Today’s post is the second in a series on The Story of God With Morgan Freeman. I got the chance to preview this Sunday’s upcoming episode, “Who Is God?” You can watch it on the National Geographic Channel, or on the National Geographic app beginning the day after it airs on TV.
There’s nothing like diving right into the deep water, so here goes: “Who Is God?”
Watching Morgan Freeman jet around the world in search of answers to this question stirred up a lot of memories for me, as I’ve been to many of the places he visits. I’ve prayed at the Western Wall in Jerusalem and stood before the statue of Akhenaten, the world’s first recorded monotheist, in the Egyptian Museum in Cairo. I’ve followed the Muslim call to prayer into mosques, and traveled through the desert landscape of New Mexico, where Freeman attends a coming-of-age ceremony for a young Navajo woman.
One might think that all of these experiences would have led me to greater certainty about God, but I think the opposite has happened. I’ve come instead to have a much greater awareness of the diversity of beliefs about God in the world. I keep coming across new facets on the divine diamond.
If I were doing my own series (and let me just say this to National Geographic: I’m available), I’d have a somewhat different itinerary searching for God than does Morgan Freeman.
I’d go first to the nursery of a hospital, for that’s where I’ve seen the face of God most clearly. You know how young babies have that sheen on them for about 24 hours? I experienced it with my own two sons, but also in other newborns I’ve been privileged to see. Their faces are mesmerizing, as if they are beaming out an incredible light from somewhere beyond this realm. Maybe it’s just evolution’s way of ensuring we’ll take care of the little buggers, but I think there’s God in their faces as well.
And I’d go to the bedside of a dying person, too. Not one experiencing a hard or premature death, or one that comes after the long twilight of dementia. But I’d try to find one of those wise, aged people who’ve had a good run of it and who face death filled with gratitude for what they’ve been privileged to experience. Being in their presence confers a blessing as potent as any I’ve received from a religious leader.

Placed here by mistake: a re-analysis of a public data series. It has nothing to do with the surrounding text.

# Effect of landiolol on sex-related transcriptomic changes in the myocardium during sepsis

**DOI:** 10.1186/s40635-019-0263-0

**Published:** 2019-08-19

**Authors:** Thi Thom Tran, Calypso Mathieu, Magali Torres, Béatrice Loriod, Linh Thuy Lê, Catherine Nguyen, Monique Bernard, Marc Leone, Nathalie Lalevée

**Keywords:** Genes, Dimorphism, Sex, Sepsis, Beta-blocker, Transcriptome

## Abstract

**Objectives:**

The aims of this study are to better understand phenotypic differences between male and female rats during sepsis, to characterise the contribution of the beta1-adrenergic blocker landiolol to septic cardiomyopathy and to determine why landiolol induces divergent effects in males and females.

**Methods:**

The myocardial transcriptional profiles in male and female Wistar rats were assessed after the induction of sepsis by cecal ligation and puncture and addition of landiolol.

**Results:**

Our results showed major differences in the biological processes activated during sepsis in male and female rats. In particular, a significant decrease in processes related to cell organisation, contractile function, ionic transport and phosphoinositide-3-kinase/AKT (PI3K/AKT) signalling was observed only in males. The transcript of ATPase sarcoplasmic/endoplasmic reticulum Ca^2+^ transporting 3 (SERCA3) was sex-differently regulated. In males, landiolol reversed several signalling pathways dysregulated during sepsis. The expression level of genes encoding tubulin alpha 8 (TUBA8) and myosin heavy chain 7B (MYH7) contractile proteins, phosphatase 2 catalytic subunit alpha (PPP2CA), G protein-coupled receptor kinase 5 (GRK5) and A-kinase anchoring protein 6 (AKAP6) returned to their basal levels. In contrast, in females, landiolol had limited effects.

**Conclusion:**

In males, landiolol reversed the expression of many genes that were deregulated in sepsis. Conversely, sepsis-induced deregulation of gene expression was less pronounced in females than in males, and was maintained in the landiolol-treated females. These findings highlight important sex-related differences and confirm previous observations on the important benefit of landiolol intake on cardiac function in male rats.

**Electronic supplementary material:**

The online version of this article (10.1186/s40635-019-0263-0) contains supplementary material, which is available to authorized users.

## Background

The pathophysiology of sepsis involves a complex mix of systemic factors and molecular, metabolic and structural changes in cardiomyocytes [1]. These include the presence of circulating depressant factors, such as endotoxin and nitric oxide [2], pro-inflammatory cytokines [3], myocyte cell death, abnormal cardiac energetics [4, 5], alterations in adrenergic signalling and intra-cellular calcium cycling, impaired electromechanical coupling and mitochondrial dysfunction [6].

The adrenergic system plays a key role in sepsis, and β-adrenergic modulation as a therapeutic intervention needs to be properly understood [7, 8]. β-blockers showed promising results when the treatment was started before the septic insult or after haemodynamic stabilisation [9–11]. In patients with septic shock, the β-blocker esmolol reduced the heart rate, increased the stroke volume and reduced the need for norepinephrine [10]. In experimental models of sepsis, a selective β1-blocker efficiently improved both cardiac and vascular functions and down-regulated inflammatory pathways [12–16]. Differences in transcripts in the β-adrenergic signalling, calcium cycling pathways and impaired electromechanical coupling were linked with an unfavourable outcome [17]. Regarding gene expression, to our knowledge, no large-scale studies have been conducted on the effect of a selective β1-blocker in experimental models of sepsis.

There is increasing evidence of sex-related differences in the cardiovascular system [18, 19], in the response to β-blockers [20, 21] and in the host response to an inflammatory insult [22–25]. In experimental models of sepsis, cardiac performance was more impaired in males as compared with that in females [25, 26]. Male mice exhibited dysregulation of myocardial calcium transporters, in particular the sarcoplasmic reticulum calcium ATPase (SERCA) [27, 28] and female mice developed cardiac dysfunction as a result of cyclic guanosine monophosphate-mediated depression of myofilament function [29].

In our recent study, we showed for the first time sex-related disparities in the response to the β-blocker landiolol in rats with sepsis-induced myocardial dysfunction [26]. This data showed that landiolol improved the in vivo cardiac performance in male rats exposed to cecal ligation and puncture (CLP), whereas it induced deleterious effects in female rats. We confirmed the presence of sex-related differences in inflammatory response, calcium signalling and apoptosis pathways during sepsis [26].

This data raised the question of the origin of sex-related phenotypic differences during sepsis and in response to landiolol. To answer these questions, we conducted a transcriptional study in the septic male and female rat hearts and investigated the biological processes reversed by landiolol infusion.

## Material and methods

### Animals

Next I’d find an Iowa meadow on a dark night in mid-summer. I know of one where fireflies gather, hundreds of thousands of them, so that when you come over the crest of the hill, it’s as if the entire valley below you is filled with sparkling lights, swirling and dancing and twinkling, and all you can do is stand and be enchanted.
Later in the series I’d visit Bear Butte, a Native American holy site in South Dakota that I’ve climbed again and again. I’d show the birds that ride the updrafts created by the peak, and how you can see the expanse of the Black Hills in the distance, that land long considered sacred by Plains Indian tribes.
But in planning the rest of my own video, the difficulty is that you can rarely predict which form God is going to take next. We expect to find the holy in a church, mosque, or temple, but I’ve been to many services where God didn’t seem to have gotten the memo on what time it was supposed to start. And often the divine shows up in completely unexpected places—an encounter with a stranger in a hospital waiting room, for example, or in the form of a cranky, irritating person who teaches you a lesson you need to learn.
In the story of Exodus, there’s a wonderful line in which God tells Moses that he cannot show him his face, for it would overwhelm him, and so Moses only gets a glimpse of God’s back as he passes by.